It was an honor and a task to share as a foreigner, for two weeks, the life of the women of Iran. They are beautiful,friendly, and incredibly patient. The past, tradition, and a difficult code of dress and behaviour is most evident in their lives. In the present, they are active and expressive,and participate in the bustling life of the city fully. They work hard at jobs of all kinds, study at the universities, drive cars, and take on positions of great responsibility. They look to the future, hoping for an easier, more full, and expressive life. Beautiful Mandana Mashayekhi, pictured here, was hired by IPM (Institute for Studies in Theoretical Physics and Mathematics) to translate and care for our group, As a woman and friend, she gave our experience a richness and insight that would not have been possible otherwise. We were grateful to IPM for choosing her as our 'caretaker'.
Kathy stepped into another world.
But she was not alone. Rick was sympathetic and encouraging. Pictured here with us, Mandana and student mathematicians from surrounding universities.
Here is Kathy's good companion, Nanaz. Her husband Shahriar Shahriari was a conference organizer and invited speaker. He is a Professor of Mathematics at Pomona College in California. Her family lives in Tehran, so the conference was a chance for their two little boys to be 'spoiled by their grandparents.' Nanaz works at the Jet Propulsion Laboratory in Pasadena. She and I, while very modest in dress, brought our palette of colors to play, keeping ourselves as happy as possible. She was present for parts of the conference but not all, as her sons told her: 'no more 'office,' Mommy, you are on vacation!'
All of the staff at IPM, and visiting mathematicians were supportive and helpful. Notice the big difference-- the men dress like at home. The only restriction for men was no shorts. The weather was near 100 degrees most of the time!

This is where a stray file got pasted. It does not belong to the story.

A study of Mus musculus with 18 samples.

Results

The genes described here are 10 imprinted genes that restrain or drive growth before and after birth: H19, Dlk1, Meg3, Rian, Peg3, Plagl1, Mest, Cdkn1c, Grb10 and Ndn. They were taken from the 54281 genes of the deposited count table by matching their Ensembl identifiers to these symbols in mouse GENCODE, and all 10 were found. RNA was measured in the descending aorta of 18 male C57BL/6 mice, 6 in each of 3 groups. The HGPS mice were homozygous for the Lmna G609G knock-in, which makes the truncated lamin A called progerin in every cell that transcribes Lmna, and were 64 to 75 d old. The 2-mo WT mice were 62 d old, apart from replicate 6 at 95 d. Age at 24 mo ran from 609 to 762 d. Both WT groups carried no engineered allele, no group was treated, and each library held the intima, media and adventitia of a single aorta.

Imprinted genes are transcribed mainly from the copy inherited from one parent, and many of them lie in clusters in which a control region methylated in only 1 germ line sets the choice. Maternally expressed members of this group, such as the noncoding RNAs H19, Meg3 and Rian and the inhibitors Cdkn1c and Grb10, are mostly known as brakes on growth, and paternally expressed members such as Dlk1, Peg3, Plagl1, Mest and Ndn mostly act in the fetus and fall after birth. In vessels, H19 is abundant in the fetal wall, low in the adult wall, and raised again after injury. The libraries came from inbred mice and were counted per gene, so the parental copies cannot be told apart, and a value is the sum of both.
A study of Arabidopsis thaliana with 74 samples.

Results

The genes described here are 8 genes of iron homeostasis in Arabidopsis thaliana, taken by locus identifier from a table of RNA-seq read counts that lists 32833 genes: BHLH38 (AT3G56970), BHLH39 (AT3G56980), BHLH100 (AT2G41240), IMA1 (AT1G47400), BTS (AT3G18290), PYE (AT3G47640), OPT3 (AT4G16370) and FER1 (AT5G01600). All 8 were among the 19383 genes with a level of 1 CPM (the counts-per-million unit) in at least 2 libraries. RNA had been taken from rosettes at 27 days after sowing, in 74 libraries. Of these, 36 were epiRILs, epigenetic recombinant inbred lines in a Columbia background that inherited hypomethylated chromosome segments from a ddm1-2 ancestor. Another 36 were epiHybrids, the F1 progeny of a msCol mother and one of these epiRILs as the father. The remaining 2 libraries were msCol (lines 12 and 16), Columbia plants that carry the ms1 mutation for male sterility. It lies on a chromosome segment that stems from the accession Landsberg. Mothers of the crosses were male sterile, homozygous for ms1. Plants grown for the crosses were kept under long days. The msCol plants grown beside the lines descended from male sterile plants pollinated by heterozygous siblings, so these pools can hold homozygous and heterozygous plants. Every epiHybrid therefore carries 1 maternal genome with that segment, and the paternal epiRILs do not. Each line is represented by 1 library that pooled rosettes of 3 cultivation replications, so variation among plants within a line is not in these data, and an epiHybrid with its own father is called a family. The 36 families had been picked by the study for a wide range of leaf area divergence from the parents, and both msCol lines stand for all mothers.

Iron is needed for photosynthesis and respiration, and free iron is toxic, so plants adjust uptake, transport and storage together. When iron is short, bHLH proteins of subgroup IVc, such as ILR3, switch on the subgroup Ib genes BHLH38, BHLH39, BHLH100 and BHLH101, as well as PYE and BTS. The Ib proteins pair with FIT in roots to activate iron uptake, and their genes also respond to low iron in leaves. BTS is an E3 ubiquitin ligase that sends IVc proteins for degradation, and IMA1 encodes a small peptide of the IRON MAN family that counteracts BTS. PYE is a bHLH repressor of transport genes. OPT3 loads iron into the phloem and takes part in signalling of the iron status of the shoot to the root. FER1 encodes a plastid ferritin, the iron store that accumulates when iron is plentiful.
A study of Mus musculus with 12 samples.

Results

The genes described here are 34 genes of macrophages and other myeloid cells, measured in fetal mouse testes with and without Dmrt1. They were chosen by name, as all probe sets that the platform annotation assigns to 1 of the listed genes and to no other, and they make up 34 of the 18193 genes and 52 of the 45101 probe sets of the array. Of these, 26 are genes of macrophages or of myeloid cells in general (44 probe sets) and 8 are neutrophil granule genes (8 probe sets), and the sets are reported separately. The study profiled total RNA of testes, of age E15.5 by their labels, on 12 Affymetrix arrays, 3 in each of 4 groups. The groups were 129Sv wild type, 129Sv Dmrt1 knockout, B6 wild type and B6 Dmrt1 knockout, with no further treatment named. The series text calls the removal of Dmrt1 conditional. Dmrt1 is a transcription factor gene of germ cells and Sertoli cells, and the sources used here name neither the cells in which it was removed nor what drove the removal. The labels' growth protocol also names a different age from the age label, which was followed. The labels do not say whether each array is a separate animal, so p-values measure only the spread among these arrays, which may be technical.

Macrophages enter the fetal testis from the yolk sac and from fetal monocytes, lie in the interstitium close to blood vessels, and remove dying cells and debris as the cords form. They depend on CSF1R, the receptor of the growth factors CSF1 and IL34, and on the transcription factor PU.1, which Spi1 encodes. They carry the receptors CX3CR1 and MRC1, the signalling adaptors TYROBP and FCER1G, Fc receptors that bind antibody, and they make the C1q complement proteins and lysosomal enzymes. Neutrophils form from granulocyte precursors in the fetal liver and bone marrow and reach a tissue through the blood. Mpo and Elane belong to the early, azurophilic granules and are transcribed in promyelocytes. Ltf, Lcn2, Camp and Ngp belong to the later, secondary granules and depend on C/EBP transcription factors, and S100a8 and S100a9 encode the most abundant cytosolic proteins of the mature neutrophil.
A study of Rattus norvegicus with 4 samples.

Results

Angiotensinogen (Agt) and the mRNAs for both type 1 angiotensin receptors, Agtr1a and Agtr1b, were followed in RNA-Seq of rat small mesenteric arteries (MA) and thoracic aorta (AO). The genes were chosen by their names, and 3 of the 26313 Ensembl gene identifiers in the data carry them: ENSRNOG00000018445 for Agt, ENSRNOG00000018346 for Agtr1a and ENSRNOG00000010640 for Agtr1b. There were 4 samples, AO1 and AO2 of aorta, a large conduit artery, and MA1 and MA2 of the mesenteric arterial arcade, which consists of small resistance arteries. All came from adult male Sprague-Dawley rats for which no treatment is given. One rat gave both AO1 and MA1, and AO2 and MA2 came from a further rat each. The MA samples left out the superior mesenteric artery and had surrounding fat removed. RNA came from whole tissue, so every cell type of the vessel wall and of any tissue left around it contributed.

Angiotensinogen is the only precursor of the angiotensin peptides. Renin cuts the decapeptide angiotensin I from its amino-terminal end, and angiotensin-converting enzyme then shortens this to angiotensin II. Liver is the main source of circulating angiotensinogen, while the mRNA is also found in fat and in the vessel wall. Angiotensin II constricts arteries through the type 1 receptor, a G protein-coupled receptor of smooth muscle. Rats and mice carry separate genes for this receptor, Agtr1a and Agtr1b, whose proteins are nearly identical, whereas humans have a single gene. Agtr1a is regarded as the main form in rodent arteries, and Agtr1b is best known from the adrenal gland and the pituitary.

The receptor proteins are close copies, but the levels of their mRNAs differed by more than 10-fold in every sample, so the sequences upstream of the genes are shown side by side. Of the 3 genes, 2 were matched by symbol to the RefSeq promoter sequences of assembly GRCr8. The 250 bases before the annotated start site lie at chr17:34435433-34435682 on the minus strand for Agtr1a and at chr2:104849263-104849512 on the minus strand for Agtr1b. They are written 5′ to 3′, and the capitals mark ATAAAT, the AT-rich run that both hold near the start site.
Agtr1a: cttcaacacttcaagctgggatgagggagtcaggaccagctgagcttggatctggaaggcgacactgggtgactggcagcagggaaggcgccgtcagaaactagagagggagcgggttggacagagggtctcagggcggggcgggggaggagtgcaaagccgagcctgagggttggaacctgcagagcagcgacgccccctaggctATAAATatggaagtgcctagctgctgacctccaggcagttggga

Here is Tania, a creative, industrious photographer, who took most of the photos for IPM while we were there. Her photographs of the speakers and activities during the conference appeared each day in the 'Daily News' a conference newspaper created by the orgainzers and distributed each morning.
You would never know when she would be looking over her shoulder photographing your journal.! At least she wasn't doing it now, because we were in the late night garden cafe of of beautiful hotel in Isfahan. The night life of Iran is amazing. Crowds of families are out late into the night when it is cooler, relaxing, picnicing and strolling. In parks, under bridges, on any clear or grassy place to be found. We saw this consistently. At 1 am you can still see people getting out their picnic baskets.
You can see there are variations on a theme. Some women wear jeans or trousers and a topcoat. Scarves and coats are mostly dark or neutral colored, especially in formal situations like the conference. All hair, except in front, was covered, and usually feet, although sometimes bare feet and sandles peeked through in the hot weather! Here Willem Haemers, mathematician, invited speaker, from the Netherlands keeps us company, and Rick is hard at work, documenting our wardrobes.
You can see the mix of men and women. Mathematician friend Peter Cameron, invited speaker, Professor of Mathematics in the School of Mathematical Sciences at Queen Mary, University of London smiles at us here. We had many great conversations.
Women here will surprise you. Here's a common sight, yet quite surprising — a cloaked woman riding on back of a motorcycle, in front of our bus!
A woman in Isfahan counsels a boy who is selling packages of sewing needles.
Woman are frequent drivers all over Tehran. Tania took us on a wild ride through the crazy traffic — almost no signals, amidst thousands of cars that do what is most convenient...
The most conservative look. At a rare traffic signal, a woman alone crosses (against the light, we think).
Mandana adjust her scarf, and leads us on, in her favorite park, high above the city. By the way, when we left this park, which had gleaming restaurants going up the side of the mountain, at 12;30 am, there were still families with small children going up those stairs to restaurants and with picnic baskets! Mandana chose a Kurdish one for us (the second highest) because 'it had a woman manager, and the food was best, and the dishes were pretty'. She comes here three or four times a week, at quieter times, she said, for refreshment and to think. She balances, in her gracious way, on the brink of a world full of beauty and contradiction.